March 11, 2021


Access to cancer surgery was greatly impacted in the early days of the COVID-19 pandemic in Ontario, a new study has found. Patients who did receive cancer surgery were not sociodemographically different, suggesting access was equitable though limited.

Published today in JAMA Network Open, the study compared volumes and sociodemographic (income, race, location) characteristics of 543,741 patients who underwent cancer surgery at 112 Ontario hospitals before and during the COVID-19 outbreak (from January 2018 to June 2020)

Immediately after the pandemic was declared in March 2020, there was a 60 per cent drop in cancer surgeries.

Each week following, the number of cancer surgeries increased by 6 per cent.

From March 15 to June 30, 2020, 36,671 fewer cancer surgeries were performed in Ontario compared to the same time frame in 2019.

By June 30, the volume of cancer surgeries had not yet returned to pre-pandemic levels.

“Measures aimed at creating hospital capacity for COVID-19 led to a major disruption in surgical cancer care,” says Dr. Antoine Eskander, Sunnybrook surgeon-scientist and author on the study. “Importantly in a universal healthcare system, one’s race, income and other sociodemographic factors did not affect whether a person received cancer surgery in that early pandemic period. This suggests equally equitable access for surgical patients during the pandemic compared to before the pandemic.”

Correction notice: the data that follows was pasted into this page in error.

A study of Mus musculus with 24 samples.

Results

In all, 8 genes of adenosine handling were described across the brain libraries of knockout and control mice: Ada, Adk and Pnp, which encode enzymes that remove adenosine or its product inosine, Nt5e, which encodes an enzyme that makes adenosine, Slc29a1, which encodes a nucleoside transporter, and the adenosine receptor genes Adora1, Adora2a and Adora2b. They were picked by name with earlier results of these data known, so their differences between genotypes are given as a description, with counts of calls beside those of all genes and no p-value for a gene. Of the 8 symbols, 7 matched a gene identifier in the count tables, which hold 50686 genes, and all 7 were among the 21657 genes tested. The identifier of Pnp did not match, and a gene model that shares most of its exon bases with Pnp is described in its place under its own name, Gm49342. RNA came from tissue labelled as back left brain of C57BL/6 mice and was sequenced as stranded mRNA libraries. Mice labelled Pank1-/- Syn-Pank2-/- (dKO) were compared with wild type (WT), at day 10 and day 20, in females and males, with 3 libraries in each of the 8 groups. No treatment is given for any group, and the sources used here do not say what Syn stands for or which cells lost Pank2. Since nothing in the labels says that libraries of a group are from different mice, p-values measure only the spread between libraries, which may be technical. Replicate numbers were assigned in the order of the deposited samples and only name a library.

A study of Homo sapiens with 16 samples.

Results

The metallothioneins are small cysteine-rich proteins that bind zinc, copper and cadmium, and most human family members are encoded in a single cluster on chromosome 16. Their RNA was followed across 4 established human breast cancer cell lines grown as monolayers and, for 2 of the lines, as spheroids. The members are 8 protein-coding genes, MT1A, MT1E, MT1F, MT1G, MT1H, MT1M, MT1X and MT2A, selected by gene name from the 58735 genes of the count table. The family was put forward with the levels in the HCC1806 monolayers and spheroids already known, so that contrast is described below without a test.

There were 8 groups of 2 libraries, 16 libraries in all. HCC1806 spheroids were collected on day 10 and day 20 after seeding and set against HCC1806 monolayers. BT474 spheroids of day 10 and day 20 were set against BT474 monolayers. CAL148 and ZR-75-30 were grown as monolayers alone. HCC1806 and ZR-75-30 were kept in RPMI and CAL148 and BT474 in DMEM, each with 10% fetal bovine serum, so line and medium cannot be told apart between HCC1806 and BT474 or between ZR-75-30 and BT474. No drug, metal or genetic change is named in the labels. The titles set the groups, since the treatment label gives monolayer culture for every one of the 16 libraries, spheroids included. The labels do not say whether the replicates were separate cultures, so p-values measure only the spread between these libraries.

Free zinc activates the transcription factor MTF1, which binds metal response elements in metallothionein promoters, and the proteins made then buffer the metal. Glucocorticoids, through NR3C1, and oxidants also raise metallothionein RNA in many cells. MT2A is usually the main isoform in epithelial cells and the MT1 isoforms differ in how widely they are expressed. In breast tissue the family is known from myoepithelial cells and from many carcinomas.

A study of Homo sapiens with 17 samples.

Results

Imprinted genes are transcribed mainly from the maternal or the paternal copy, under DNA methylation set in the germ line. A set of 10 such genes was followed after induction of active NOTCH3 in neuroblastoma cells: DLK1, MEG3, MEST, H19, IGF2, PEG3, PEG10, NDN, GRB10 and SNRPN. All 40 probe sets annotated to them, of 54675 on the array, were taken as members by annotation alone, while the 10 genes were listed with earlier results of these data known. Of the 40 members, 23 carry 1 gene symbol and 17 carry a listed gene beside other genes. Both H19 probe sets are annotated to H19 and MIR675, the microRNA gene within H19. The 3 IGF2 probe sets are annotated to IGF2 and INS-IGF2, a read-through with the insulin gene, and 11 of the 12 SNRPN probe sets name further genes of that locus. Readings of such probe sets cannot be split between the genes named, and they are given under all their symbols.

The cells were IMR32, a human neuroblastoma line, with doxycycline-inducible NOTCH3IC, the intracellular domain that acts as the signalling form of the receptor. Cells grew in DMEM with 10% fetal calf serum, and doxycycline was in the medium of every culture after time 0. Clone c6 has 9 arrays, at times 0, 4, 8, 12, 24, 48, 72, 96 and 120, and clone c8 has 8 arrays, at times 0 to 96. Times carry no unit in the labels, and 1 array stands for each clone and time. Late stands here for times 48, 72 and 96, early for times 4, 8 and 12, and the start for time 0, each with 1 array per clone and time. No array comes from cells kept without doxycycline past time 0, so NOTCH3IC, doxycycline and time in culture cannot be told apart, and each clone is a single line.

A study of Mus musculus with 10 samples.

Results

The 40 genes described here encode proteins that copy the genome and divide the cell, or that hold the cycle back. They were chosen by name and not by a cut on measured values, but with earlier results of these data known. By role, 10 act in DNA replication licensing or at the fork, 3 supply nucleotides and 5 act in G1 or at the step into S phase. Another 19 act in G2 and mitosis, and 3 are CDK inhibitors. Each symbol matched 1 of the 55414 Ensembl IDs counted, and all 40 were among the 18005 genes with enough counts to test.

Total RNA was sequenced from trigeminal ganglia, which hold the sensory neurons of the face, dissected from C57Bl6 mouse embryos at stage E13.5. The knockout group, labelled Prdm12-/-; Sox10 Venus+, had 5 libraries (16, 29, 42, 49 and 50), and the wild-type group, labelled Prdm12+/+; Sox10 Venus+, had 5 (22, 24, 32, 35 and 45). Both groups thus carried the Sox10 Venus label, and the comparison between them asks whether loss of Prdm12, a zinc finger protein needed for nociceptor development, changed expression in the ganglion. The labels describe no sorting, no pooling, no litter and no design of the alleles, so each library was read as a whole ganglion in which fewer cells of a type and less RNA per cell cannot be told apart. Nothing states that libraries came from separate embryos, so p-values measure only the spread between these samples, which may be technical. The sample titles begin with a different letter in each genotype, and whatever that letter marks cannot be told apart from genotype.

In a universal healthcare system, it is important to ensure that care is being provided equitably, he adds.

“This data suggests that during the early pandemic period, lower socioeconomic status did not lead to lower access to surgery. However, the data also highlights the backlog of surgical cases, which is concerning given there’s no clear path toward recovery. Surgical services in many parts of the province have not recovered to 100 per cent, even to this day.”

This research highlights the need for innovative models to catch up on the backlog of surgical cases and emphasizes the importance of prioritizing cases based on likelihood of a poor outcome with prolonged wait, he says.

“Future research is required to assess cancer incidence and how it was impacted by a decrease in the use of screening programs, imaging, and in-person physician visits,” Dr. Eskander says. “This may impact short-term policies as they relate to future waves of the pandemic and prioritizing the continuation of surgical services.”